According to the U.S. Bureau of Labor Statistics, only 3.9% of construction workers identify as women. Meanwhile, a separate study by Dodge Construction Network on “Diversity, Equity and Inclusion in Design and Construction” shows that, among smaller firms, only 2% report having clear standards for increasing diversity that are also used to improve advancement.

Grants Aim to Protect Women in Workplace

Several new initiatives by the U.S. Department of Labor (DOL) aim to upend those statistics, including a $5 million fund and up to 14 grants for attracting and supporting access to registered apprenticeship programs. Grants key in on industries where women are currently underrepresented, including construction and manufacturing. DOL also announced four grants totaling up to $1 million for preventing and responding to gender-based harassment and violence against underserved and marginalized women workers.

A study by Dodge Construction Network on “Diversity, Equity and Inclusion in Design and Construction” shows that, among smaller firms, only 2% report having clear standards for increasing diversity that are also used to improve advancement.

Regarding why some firms continue to lack diversity and opportunities for advancement, “There’s a lack of willingness to change,” says Subha Barry, president of Seramount. Sometimes, the issue stems from a fear among leadership members that they will lose power.

“A mentality that it’s a zero-sum game causes individuals to become insular and protective,” he adds. “However, it is important to have an abundance mindset that says there are opportunities for all of us.”

DOL’s Women in Apprenticeship and Nontraditional Occupations (WANTO) grants are administered by the department’s Employment and Training Administration and Women’s Bureau. U.S. Secretary of Commerce Gina Raimondo and the DOL’s Women’s Bureau Director Wendy Chun-Hoon highlighted the new program during a visit to one of the department’s grant recipients, Nontraditional Employment for Women, a New York-based community organization. The visit was part of the administration’s “Investing in America” tour, which includes legislative actions aimed at creating “millions of jobs” while helping workers access the training and skills necessary to fill those positions.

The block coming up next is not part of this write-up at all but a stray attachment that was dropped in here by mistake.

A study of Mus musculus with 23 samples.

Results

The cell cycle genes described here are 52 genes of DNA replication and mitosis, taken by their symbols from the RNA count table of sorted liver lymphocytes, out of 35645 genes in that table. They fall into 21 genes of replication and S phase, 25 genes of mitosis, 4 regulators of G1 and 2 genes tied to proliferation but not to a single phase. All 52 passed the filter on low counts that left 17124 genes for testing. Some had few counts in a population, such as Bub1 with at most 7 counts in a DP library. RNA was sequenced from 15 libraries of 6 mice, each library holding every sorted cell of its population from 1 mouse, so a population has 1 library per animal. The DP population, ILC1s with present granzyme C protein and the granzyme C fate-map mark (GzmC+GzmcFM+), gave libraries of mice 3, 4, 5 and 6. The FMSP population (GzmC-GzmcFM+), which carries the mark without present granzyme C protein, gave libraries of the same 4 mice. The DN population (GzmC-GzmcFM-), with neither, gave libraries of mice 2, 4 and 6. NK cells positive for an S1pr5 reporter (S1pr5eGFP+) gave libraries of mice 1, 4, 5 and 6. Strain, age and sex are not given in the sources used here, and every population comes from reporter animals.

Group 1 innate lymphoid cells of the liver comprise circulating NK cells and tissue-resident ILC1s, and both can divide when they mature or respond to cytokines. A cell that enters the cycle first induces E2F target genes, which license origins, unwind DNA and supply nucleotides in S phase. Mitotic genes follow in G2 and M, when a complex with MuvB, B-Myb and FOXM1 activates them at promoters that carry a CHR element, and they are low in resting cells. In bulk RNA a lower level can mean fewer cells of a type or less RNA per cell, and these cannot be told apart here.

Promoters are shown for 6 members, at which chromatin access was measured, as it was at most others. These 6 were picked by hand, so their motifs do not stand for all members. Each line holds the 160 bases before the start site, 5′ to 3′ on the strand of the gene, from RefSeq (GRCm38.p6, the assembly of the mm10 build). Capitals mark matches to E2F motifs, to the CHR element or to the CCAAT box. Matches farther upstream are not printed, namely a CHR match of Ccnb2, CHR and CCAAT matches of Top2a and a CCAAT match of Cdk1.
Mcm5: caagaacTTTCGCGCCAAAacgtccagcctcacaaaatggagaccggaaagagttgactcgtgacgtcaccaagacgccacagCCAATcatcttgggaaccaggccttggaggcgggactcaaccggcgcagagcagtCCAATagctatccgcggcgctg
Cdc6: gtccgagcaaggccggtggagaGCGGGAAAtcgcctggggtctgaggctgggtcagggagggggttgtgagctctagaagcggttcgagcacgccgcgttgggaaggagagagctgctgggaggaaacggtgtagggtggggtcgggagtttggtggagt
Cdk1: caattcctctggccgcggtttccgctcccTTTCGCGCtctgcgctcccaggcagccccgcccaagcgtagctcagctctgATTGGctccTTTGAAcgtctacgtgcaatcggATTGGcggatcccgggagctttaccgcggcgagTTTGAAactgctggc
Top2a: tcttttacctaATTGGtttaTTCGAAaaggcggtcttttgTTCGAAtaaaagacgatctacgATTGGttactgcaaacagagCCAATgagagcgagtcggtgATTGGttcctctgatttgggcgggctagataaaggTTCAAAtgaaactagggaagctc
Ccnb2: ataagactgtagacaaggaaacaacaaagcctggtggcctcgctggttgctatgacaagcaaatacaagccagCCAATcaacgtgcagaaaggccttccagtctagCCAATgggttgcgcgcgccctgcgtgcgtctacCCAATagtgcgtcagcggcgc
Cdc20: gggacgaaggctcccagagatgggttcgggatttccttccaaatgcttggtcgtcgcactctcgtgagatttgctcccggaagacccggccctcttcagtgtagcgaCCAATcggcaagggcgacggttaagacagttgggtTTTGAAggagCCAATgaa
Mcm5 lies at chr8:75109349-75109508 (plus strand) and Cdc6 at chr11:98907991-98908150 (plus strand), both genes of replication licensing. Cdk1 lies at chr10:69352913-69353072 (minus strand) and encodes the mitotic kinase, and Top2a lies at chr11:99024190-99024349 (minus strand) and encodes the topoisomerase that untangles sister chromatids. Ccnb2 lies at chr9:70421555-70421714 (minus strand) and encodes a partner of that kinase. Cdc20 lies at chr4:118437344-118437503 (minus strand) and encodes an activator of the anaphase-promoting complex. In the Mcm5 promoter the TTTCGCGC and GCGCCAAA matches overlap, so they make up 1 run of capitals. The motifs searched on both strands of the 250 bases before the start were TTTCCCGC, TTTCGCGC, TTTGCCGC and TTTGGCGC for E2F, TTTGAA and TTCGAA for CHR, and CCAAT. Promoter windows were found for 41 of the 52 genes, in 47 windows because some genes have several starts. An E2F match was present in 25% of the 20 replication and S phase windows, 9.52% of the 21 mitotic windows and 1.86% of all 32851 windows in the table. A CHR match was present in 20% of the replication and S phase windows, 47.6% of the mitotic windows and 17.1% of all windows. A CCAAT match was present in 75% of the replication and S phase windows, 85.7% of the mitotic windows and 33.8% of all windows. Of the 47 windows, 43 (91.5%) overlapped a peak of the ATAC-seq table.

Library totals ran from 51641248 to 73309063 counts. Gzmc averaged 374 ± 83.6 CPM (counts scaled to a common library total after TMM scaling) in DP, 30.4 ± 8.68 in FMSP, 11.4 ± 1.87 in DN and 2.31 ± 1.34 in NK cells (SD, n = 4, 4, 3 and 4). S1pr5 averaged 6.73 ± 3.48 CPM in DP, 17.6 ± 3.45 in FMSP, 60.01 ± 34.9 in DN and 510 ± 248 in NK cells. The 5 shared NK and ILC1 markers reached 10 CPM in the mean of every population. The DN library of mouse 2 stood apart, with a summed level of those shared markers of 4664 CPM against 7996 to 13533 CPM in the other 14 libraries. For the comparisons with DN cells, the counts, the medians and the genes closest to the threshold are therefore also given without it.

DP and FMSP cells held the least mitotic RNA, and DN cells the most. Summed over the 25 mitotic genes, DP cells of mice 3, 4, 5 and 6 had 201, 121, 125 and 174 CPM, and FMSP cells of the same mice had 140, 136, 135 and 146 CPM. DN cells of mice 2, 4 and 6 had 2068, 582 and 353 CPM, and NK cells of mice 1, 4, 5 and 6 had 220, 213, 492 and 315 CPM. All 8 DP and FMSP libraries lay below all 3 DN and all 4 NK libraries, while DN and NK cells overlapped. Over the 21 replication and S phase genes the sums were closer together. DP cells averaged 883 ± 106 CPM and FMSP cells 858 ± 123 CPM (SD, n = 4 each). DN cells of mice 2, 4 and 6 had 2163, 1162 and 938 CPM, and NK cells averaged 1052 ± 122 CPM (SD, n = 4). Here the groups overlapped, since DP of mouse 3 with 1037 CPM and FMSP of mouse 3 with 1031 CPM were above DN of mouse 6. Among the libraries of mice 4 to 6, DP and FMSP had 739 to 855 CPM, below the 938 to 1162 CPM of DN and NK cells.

Improving Job Quality for Women

According to program officials, WANTO will help address a significant underrepresentation of women in registered apprenticeship programs, including construction and manufacturing. Officials say women comprise just 14% of registered apprentices, accounting for nearly half of the U.S. labor force. Meanwhile, for those already in jobs, a benchmarking survey produced by PricewaterhouseCoopers shows that women and diverse populations are more likely than all other employees to leave within their first year of employment voluntarily. DOL aims to tackle some issues that might lead to such departures in a separate grants program by ensuring women feel safe in their job placements after training. Fostering Access, Rights and Equity grants will help survivors and women at high risk for violence and harassment in the workplace.

Administered by the department’s Women’s Bureau and the Employment and Training Administration, Fostering Access, Rights and Equity grants support efforts among non-profit organizations to address gender-based violence and harassment. Grants seek to improve job quality, partly by supporting projects that address “harmful workplace norms,” DOL officials say while bolstering strategies to prevent and reduce gender-based violence and harassment. Successful applicants must develop and distribute worker and survivor-centered materials to raise awareness, reduce workplace risks and prevent gender-based violence and harassment. Companies must also focus on connecting women to services, benefits and legal assistance while encouraging them to become focal points in their communities.

Companies Need to Reexamine Priorities

Of course, reversing the trend for low employment among women and other underrepresented groups will also require companies to examine and remove biases from their hiring and advancement practices. But not all of those biases are linked to human activities these days; some are linked to artificial intelligence (AI), DOL officials warn. As companies lean on AI to evaluate job applicants, systems must be designed with diverse users in mind to prevent discrimination, officials say.

“By collaborating with our cross-sector partners, we can harness the power of AI and create a robust risk management framework profile for automated employment decision tools,” says Assistant Secretary for Disability Employment Policy Taryn Williams. “Our vision includes creating a profile that guides inclusive hiring for all Americans, including people with disabilities and other underserved groups.”

In October 2022, DOL’s Office of Science and Technology Policy released the blueprint for an AI Bill of Rights designed to foster more equitable and inclusive hiring of workers with disabilities and other underserved communities. Human-led activities will bring more of those groups to the workplace with or without AI.